A train crossing the railroad trestle spanning Runyon Creek stopped in its tracks Wednesday, after a section of the trestle apparently started buckle under the weight of the train.

Railroad workers on scene Wednesday afternoon were able to safely remove the train from the damaged trestle. Carolina Coastal Railway leases the trestle and tracks in the area from Norfolk Southern, including the large trestle spanning the Pamlico River.

The train appears to have been traveling south on the line before it came to a stop. Three cars and the locomotive were sitting on the trestle, with an unknown number of cars following behind on the Washington Park side of Runyon Creek.

Early Wednesday afternoon, the locomotive and the cars in front of the one sitting on the stretch of damaged trestle had been disconnected and moved to the Washington side of the creek. The car resting on the damaged bridge was removed later in the afternoon.

UNCOUPLED: As of early Wednesday afternoon, railroad workers had safely moved the train’s locomotive and cars behind to the Washington side of Runyon Creek. (Erica Lundberg)

In March, local resident Capt. Galen Swain brought up the issue of trestle safety during the monthly meeting of the Beaufort County Board of Commissioners, specifically in regards to the larger trestle across the Pamlico. He encouraged commissioners to initiate a dialogue with the railroad company to look at a replacing the trestle. He also raised concerns that if a train were to fall from the trestle, it could contaminate the Pamlico River and local water supplies.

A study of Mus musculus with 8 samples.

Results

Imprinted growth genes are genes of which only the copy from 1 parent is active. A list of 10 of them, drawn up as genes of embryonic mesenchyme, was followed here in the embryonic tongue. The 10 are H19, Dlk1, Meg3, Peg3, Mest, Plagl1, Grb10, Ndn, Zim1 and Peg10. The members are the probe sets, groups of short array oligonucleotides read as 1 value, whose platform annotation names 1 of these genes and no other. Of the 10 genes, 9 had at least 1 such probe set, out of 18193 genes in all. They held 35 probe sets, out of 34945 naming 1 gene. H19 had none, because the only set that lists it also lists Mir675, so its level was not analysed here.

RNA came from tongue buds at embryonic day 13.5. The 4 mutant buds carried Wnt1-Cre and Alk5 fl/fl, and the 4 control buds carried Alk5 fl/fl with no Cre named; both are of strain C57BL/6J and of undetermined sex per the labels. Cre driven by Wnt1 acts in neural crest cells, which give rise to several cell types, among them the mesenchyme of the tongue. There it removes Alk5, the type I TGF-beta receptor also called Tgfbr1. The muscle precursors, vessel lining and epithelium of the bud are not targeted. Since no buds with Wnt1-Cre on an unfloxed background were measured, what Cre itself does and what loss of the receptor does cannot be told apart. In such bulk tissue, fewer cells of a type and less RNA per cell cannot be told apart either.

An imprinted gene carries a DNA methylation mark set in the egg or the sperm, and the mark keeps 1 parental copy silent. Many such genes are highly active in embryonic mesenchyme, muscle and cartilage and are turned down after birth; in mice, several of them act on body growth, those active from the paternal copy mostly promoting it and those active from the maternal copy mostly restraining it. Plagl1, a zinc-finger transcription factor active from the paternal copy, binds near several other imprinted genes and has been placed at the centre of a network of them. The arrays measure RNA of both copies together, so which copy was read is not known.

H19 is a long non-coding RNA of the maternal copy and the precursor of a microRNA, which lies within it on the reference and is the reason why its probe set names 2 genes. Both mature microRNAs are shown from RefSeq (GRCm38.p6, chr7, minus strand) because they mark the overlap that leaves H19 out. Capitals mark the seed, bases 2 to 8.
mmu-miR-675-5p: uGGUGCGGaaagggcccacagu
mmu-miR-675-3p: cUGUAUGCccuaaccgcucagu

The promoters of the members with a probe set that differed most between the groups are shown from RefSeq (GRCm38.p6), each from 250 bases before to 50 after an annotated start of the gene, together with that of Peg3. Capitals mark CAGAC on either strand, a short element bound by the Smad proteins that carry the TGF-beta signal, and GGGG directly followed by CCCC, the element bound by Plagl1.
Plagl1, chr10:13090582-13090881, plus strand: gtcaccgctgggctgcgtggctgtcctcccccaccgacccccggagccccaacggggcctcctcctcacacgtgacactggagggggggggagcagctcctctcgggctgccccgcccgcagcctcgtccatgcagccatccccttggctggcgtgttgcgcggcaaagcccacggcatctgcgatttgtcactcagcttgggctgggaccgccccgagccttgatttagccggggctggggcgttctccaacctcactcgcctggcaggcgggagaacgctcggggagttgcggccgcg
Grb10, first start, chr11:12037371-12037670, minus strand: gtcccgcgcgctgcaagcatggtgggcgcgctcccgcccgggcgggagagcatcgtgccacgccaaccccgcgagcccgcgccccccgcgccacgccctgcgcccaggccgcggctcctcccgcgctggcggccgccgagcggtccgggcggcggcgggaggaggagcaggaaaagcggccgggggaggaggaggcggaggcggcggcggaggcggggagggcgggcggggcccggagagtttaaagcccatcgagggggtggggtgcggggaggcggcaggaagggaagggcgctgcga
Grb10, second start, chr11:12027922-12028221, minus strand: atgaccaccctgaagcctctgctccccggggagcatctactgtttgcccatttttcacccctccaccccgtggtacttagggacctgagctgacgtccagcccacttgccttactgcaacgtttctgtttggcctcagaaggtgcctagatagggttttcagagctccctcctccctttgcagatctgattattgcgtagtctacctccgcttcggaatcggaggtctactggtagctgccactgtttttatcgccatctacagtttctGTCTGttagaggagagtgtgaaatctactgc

“The trestle, if you’ve ever been under it in a johnboat when the train goes over it, it is absolutely terrifying,” Swain said. “That thing was rotten 30 years ago. … That’s something that’s been bothering me a long time. It really does need to be looked at. When the tide’s out, it’s rotten under the water.”

CAUTION: Orange caution tape spans the railroad tracks on either side of the damaged trestle. (Liane Harsh)

Under federal law, railroad trestles must be inspected at least once every calendar year, with no more than 540 days between successive inspections. According to a representative from the Federal Railroad Administration, only a “duly elected or appointed official of a state or political subdivision of a state, acting in his or her official capacity, may file a request” for those records.

Carolina Coastal Railway operates on 179 miles of track, running from Plymouth to Raleigh. Coastal Carolina Railway declined to offer comment on the incident. Local photographer Ric Carter captured a video of the efforts to remove the train from the damaged trestle, which can be viewed here.